The Queen was in a rage with Margaret Thatcher over her refusal to back sanctions against South Africa and considered scrapping their weekly audience, newly-declassified files reveal.
Her Majesty is said to have fumed that the then prime minister had damaged ‘her Commonwealth’ by refusing to support hardline actions against the racist apartheid regime.
Her anger, which apparently erupted after a 1987 Commonwealth heads of government summit, is revealed in official Irish files released under the country’s 30-year rule.
A Buckingham Palace source briefed an Irish diplomat on the situation who in turn reported back to the Irish prime minister.
The Commonwealth summit took place in Vancouver, with tighter sanctions against South Africa among the issues that were discussed.
During the talks 47 other leaders agreed to increase pressure on the country to end its apartheid system in which black people were segregated from whites.
The Queen with Margaret Thatcher in Lusaka, Zambia, for the Commonwealth conference in 1979
But Mrs Thatcher refused to back the calls to end the discriminatory practice – and Britain was blamed for thwarting the move.
The conference ended in bitterness and recriminations among presidents and prime ministers from the former colonies. Mrs Thatcher was seen as having ‘blundered badly’.
An Irish diplomat based in London reported back to Dublin that ‘she well knows but cannot admit her mistake’.
Mrs Thatcher holds a copy of 'British Aid To Southern Africa' during the closing news conference of the Commonwealth summit in Vancouver, 1987
After speaking with a source inside Buckingham Palace, Richard Ryan, a former chargé d’affaires at Ireland’s embassy in London, sent a memo to his prime minister’s office.
‘There is a wide view too that the Queen is in a rage with Mrs Thatcher over her handling of the sanctions question (not because of the substance of the argument but because of its style: the Queen, it is said, sees the insensitivity as further damaging “her” Commonwealth at a sensitive time),’ he wrote.
Such was the Queen’s anger she considered scrapping her weekly audience with Mrs Thatcher, the Palace source told Mr Ryan. The Queen can use the audience to express her views on government matters.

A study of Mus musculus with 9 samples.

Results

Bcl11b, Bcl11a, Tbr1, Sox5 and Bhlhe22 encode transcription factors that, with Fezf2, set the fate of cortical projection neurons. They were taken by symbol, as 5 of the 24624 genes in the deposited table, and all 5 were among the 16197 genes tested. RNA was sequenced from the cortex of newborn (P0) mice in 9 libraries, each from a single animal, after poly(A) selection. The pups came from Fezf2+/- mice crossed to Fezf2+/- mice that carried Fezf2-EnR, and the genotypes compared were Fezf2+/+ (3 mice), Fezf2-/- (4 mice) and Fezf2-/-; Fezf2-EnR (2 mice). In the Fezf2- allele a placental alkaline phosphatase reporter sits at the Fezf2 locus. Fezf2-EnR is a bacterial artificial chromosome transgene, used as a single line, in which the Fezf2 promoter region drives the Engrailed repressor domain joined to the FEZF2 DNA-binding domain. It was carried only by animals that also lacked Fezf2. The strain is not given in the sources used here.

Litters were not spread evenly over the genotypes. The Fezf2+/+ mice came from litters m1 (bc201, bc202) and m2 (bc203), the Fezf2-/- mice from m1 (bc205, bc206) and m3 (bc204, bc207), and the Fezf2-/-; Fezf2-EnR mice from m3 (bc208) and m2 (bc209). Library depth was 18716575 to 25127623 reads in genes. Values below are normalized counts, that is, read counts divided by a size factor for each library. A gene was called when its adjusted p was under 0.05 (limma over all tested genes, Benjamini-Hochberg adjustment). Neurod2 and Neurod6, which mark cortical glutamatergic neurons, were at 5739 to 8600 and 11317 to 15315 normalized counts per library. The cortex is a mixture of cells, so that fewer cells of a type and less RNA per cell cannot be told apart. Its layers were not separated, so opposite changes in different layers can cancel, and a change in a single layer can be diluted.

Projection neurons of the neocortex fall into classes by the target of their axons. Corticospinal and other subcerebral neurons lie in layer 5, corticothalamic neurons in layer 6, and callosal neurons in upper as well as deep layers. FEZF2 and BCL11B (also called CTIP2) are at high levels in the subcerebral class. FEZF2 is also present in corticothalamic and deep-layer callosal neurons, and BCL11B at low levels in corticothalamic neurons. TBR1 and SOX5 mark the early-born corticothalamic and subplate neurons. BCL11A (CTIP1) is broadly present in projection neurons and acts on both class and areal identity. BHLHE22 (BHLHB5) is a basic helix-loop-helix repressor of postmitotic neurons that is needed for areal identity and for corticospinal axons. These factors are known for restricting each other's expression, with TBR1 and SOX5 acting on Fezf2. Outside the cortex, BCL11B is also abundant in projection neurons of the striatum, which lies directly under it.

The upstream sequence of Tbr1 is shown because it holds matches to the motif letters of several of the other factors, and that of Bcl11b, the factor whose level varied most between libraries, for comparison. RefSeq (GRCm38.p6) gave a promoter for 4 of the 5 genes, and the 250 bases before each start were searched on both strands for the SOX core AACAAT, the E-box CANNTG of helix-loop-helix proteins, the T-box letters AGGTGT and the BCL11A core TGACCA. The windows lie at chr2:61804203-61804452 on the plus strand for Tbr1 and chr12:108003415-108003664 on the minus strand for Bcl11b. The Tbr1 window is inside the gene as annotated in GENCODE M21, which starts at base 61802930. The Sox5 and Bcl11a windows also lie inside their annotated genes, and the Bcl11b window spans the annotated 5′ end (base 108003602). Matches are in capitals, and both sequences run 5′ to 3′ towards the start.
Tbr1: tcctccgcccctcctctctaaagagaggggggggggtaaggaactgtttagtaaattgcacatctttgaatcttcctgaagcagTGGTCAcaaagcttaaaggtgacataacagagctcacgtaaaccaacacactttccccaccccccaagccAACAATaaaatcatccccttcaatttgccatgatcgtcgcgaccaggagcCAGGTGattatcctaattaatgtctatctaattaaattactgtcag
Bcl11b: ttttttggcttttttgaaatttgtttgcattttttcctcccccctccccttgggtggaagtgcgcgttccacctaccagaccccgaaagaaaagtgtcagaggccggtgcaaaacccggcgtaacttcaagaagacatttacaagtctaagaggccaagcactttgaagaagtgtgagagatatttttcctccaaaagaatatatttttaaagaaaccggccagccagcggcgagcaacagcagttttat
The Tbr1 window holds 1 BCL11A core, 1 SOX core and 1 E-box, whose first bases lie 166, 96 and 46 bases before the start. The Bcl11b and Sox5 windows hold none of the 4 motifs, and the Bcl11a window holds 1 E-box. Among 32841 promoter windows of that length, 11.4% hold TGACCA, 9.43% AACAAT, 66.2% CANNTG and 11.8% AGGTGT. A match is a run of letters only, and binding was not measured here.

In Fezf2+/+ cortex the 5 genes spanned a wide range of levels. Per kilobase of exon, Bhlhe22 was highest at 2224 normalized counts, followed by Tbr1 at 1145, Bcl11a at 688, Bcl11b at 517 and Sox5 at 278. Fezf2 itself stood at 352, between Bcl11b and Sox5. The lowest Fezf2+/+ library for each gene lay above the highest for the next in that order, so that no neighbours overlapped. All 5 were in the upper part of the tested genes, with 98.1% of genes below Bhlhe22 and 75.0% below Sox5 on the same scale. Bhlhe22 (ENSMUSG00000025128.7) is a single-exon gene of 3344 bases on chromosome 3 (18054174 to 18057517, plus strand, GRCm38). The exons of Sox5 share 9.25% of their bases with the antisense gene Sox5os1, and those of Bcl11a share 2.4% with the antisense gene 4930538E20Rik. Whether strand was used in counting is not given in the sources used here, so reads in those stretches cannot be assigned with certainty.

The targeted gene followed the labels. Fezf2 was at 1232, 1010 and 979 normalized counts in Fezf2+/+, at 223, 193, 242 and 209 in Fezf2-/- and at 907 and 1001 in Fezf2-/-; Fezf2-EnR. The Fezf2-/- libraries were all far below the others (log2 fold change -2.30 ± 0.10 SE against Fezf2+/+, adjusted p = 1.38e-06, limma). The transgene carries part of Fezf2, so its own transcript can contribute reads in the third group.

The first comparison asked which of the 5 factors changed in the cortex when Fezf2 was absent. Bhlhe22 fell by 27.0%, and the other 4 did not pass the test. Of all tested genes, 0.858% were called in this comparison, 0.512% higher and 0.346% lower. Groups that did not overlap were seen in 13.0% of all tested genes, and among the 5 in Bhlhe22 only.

The diplomat – referring to the Queen as Brenda, a nickname coined by the satirical magazine Private Eye – reported: ‘A source in the Palace said that “Brenda” was seriously considering cancelling last night’s Tuesday audience with the prime minister.
‘This audience is a standard matter, as regular as Cabinet meetings, which has existed for more than a century.’
Mrs Thatcher’s ‘moods’ at the time also caused concerns about their possible impact on Anglo-Irish relations.
She was ‘in very bad form’ over problems in the financial markets which ‘badly set back’ her plans to sell off the Government’s remaining stake in the once state-owned oil giant BP.
Mr Ryan warned that difficulties in Dublin-London relations could be worsened ‘in the short term at least by Mrs Thatcher’s present mood’.a
Ireland's Taoiseach Garret FitzGerald shakes the hand of Margaret Thatcher after signing the Anglo-Irish agreement in November 1985
In a footnote, the diplomat suggested that his information on her frame of mind need not be given ‘too much weight’ but added: ‘We have, though, in the past seen some examples of how the PM’s moods can make life more difficult for those around her and doing business with her.
'They tend to add a measure of harshness to her tone and increase her tendency to fix on and reiterate single and simple points.’
The files also reveal that the Queen was ‘very much in favour’ of the Anglo-Irish Agreement, saying it was a step ‘in the right direction’.
The accord, signed by Mrs Thatcher and her Irish counterpart Garret FitzGerald in 1985, aimed to bring an end to the Troubles by giving the Irish government an advisory role in Northern Ireland’s affairs. It sparked mass protests among Unionists in Northern Ireland.
In 1987 the Queen’s then press secretary Michael Shea had lunch with an Irish diplomat who reported back to the Irish premier’s office.
In his report of the private meeting he said ‘the Monarch’ was in favour of the accord, and a ‘fan’ of Mr FitzGerald.
Tax decision to silence royal critics
John Major rushed out the news that the Queen had agreed to pay income tax to deflect criticism of the royals, the files reveal.
The then prime minister made the news public as Her Majesty was rocked by her ‘annus horribilis’ of 1992.
During the year, the collapse of Prince Charles and Princess Diana’s marriage was revealed in Andrew Morton’s book ‘Diana: Her True Story’, while the Duke and Duchess of York announced their separation and Princess Anne divorced her husband Captain Mark Phillips.
A fire also caused extensive damage to Windsor Castle, prompting an outcry when it was suggested that the estimated £60 million repair bill be met by the taxpayer.
The scrutiny prompted growing concern about the effect the ‘intrusive and intolerable’ media coverage was having.
Mr Major told the Cabinet that the Queen, who was not subject to taxation, asked him to come up with an arrangement for her to pay tax..
The announcement was due within weeks, but Mr Major speeded up the process to end media criticism of the Queen.